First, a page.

Companion vs Compassion - What's the difference?

companion | compassion |


In obsolete|lang=en terms the difference between companion and compassion

is that companion is (obsolete) to qualify as a companion; to make equal while compassion is (obsolete) to pity.

As nouns the difference between companion and compassion

is that companion is a friend, acquaintance, or partner; someone with whom one spends time or keeps company while compassion is deep awareness of the suffering of another, coupled with the wish to relieve it.

As verbs the difference between companion and compassion

is that companion is (obsolete) to be a companion to; to attend on; to accompany while compassion is (obsolete) to pity.

Other Comparisons: What's the difference?

companion

English

Noun

(en noun)
  • A friend, acquaintance, or partner; someone with whom one spends time or keeps company
  • His dog has been his trusted companion for the last five years.
  • * Shakespeare
  • Here are your sons again; and I must lose / Two of the sweetest companions in the world.
  • (dated) A person employed to accompany or travel with another.
  • (nautical) The framework on the quarterdeck of a sailing ship through which daylight entered the cabins below.
  • (nautical) The covering of a hatchway on an upper deck which leads to the companionway; the stairs themselves.
  • (topology) A knot in whose neighborhood another, specified knot meets every meridian disk.
  • (figuratively) A thing or phenomenon that is closely associated with another thing, phenomenon, or person.
  • (astronomy) A celestial object that is associated with another.
  • A knight of the lowest rank in certain orders.
  • a companion of the Bath
  • (obsolete, derogatory) A fellow; a rogue.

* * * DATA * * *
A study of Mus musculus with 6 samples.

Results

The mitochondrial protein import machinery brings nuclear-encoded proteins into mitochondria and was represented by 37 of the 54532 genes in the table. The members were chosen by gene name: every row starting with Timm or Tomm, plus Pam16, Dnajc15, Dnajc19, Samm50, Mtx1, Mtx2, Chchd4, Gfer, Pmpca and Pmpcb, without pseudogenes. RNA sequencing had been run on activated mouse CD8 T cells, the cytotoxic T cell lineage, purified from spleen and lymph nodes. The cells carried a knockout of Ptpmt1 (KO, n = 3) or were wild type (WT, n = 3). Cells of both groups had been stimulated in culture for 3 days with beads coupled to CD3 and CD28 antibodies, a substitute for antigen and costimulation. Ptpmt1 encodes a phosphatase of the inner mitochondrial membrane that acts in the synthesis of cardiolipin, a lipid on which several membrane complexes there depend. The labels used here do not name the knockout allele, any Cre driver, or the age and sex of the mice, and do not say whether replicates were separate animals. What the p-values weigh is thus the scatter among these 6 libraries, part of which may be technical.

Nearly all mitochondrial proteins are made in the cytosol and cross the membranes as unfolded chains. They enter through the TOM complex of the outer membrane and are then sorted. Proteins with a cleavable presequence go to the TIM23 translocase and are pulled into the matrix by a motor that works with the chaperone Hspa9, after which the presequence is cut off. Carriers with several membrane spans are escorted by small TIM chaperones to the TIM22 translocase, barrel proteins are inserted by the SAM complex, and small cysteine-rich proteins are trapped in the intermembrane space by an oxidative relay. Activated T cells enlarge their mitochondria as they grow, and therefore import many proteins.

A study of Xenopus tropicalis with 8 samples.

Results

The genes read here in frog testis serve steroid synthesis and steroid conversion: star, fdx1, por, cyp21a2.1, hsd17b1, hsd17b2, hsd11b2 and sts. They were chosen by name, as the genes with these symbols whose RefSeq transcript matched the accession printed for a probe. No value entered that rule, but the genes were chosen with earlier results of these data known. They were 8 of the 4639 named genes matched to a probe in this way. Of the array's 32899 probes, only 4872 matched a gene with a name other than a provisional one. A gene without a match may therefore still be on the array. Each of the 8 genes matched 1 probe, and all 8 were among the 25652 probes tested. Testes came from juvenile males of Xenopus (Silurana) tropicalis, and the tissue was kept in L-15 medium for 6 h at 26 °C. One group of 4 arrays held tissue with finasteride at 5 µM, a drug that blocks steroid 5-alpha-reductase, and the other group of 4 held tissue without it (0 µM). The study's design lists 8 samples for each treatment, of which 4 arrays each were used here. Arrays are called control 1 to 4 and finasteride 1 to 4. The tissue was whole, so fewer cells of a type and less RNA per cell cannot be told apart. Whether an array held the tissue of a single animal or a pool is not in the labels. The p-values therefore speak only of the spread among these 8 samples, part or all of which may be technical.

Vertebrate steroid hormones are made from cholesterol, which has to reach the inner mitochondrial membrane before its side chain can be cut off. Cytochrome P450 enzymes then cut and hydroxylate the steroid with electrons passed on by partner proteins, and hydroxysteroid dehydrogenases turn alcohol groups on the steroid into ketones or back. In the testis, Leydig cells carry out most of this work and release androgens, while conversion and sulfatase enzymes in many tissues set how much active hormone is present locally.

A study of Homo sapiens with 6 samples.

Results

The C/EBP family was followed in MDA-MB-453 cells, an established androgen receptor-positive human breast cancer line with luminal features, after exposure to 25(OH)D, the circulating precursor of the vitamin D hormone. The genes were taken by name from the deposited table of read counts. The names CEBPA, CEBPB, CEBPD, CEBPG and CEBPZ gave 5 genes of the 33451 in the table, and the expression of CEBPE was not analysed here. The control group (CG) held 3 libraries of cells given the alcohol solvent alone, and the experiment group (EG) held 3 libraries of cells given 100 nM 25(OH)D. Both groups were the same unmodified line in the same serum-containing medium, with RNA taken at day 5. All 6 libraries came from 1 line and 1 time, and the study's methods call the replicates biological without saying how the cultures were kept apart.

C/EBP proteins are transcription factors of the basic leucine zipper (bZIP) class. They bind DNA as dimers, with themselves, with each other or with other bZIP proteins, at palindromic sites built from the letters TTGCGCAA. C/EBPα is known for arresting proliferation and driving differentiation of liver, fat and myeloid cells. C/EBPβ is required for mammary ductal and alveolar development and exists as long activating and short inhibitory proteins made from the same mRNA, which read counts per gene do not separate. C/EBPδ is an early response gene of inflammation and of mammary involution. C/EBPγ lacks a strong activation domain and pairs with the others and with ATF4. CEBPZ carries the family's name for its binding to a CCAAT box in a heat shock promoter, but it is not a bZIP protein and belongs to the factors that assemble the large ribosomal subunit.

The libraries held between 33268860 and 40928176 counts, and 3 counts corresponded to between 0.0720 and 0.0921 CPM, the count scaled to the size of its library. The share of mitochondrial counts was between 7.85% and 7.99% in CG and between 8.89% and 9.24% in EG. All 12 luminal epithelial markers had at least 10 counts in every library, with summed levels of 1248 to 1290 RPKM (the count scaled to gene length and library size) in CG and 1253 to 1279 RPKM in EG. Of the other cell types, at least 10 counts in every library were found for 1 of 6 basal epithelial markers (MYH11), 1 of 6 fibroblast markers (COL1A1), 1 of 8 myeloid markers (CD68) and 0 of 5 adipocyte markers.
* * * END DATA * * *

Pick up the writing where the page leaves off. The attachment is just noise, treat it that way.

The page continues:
• * 1599 , , III. i. 111:
  • and let us knog our / prains together to be revenge on this same scald, scurvy, / cogging companion ,

    Synonyms

    * See also

    Derived terms

    * companionable, uncompanionable * companion hatch * companion ladder * companionship * companionway

    Verb

    (en verb)
  • (obsolete) To be a companion to; to attend on; to accompany.
  • (Ruskin)
  • (obsolete) To qualify as a companion; to make equal.
  • * (rfdate) (William Shakespeare)
  • Companion me with my mistress.

    compassion

    English

    Noun

  • Deep awareness of the suffering of another, coupled with the wish to relieve it
  • * 1849 , Robert Leighton (Archbishop of Glasgow), A practical commentary upon the first Epistle of St. Peter (page 47)
  • Oh! the unspeakable privilege to have Him for our Father, who is the Father of mercies and compassions , and those not barren, fruitless pityings, for He is withal the God of all consolations.

    Synonyms

    * empathy, pity, ruth, tenderheartedness, sorrow * kindness, heart, mercy

    Derived terms

    * compassionate * compassion fatigue

    Verb

    (en verb)
  • (obsolete) To pity.
  • * 1607 , , IV. i. 124:
  • O heavens, can you hear a good man groan / And not relent, or not compassion him?